New Mental Health Court Launched in Fayette County
A judicial diversion program for helping mentally ill citizens recently started in Fayette County District Court. Mayor Jim Gray joined Judge Kim Wilkie in announcing the opening of a new Mental Health Court. The court held its first session in late November.
“This program is about getting people off the streets and into the treatment they need to lead productive lives instead of continuing to cycle through our criminal justice system,” Gray said. “Mental Health Court will improve the lives of its participants and public safety in Lexington, and have the added benefit of saving taxpayer money.”
“Two years ago, a group of stakeholders from the mental health and criminal justice communities identified Mental Health Court as an important project worth supporting,” Wilkie said. “All Fayette County residents should be proud of the direction the community is taking in providing more assistance to citizens with mental health issues and continuing to make Lexington a great place to live and work.”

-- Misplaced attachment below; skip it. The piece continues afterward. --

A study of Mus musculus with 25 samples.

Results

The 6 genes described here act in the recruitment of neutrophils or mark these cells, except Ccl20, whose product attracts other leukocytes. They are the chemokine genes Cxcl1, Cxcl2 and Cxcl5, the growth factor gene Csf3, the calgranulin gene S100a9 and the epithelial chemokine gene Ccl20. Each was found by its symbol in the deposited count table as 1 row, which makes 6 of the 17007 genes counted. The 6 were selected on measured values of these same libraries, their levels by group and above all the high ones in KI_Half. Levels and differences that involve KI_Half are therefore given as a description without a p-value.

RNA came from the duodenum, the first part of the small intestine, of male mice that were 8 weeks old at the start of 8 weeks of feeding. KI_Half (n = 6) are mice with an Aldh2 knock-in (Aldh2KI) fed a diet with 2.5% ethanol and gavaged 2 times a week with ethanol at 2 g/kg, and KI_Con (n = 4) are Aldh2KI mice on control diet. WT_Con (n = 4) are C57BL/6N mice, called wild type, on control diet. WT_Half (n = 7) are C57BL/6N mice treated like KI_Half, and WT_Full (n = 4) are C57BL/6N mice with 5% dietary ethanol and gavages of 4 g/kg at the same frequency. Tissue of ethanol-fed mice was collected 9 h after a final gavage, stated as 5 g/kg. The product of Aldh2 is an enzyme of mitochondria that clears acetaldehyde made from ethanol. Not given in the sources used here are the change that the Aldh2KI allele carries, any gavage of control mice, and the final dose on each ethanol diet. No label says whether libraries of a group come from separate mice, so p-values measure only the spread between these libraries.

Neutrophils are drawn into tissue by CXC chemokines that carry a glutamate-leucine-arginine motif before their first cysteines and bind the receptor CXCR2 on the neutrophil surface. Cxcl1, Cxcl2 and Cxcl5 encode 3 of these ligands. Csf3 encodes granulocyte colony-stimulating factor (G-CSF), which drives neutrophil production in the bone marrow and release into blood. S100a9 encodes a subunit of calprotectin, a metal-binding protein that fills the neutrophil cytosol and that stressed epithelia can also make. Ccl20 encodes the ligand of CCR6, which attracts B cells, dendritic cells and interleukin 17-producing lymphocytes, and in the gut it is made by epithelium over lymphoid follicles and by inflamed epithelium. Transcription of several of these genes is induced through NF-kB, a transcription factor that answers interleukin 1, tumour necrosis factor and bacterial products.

Similar to the successful Drug Court and Veterans Court programs, Mental Health Court is an alternative to the traditional judicial system. Eligible participants include nonviolent defendants who have been referred to mental health court by a judge. The goal is to reduce the incarceration rate of mentally ill offenders through mental health treatment services, court supervision and improved personal accountability.
The City’s Office of Homelessness Prevention and Intervention will provide startup funding to support the Mental Health Court in its first few years of operation. A Request for Proposals was issued to identify potential staffing and case management models for Mental Health Court. Funding for the project will go before the Urban County Council for approval.
“Mental illness is a major contributing factor to homelessness in Lexington and some of our citizens are caught in a cycle of streets, jails and institutions,” said Charlie Lanter, Director of the Office of Homelessness Prevention and Intervention. “By supporting this diversion program, we expect to stabilize some of the more chronically homeless individuals in our community and help them secure housing and other necessary supports to keep them off the streets.”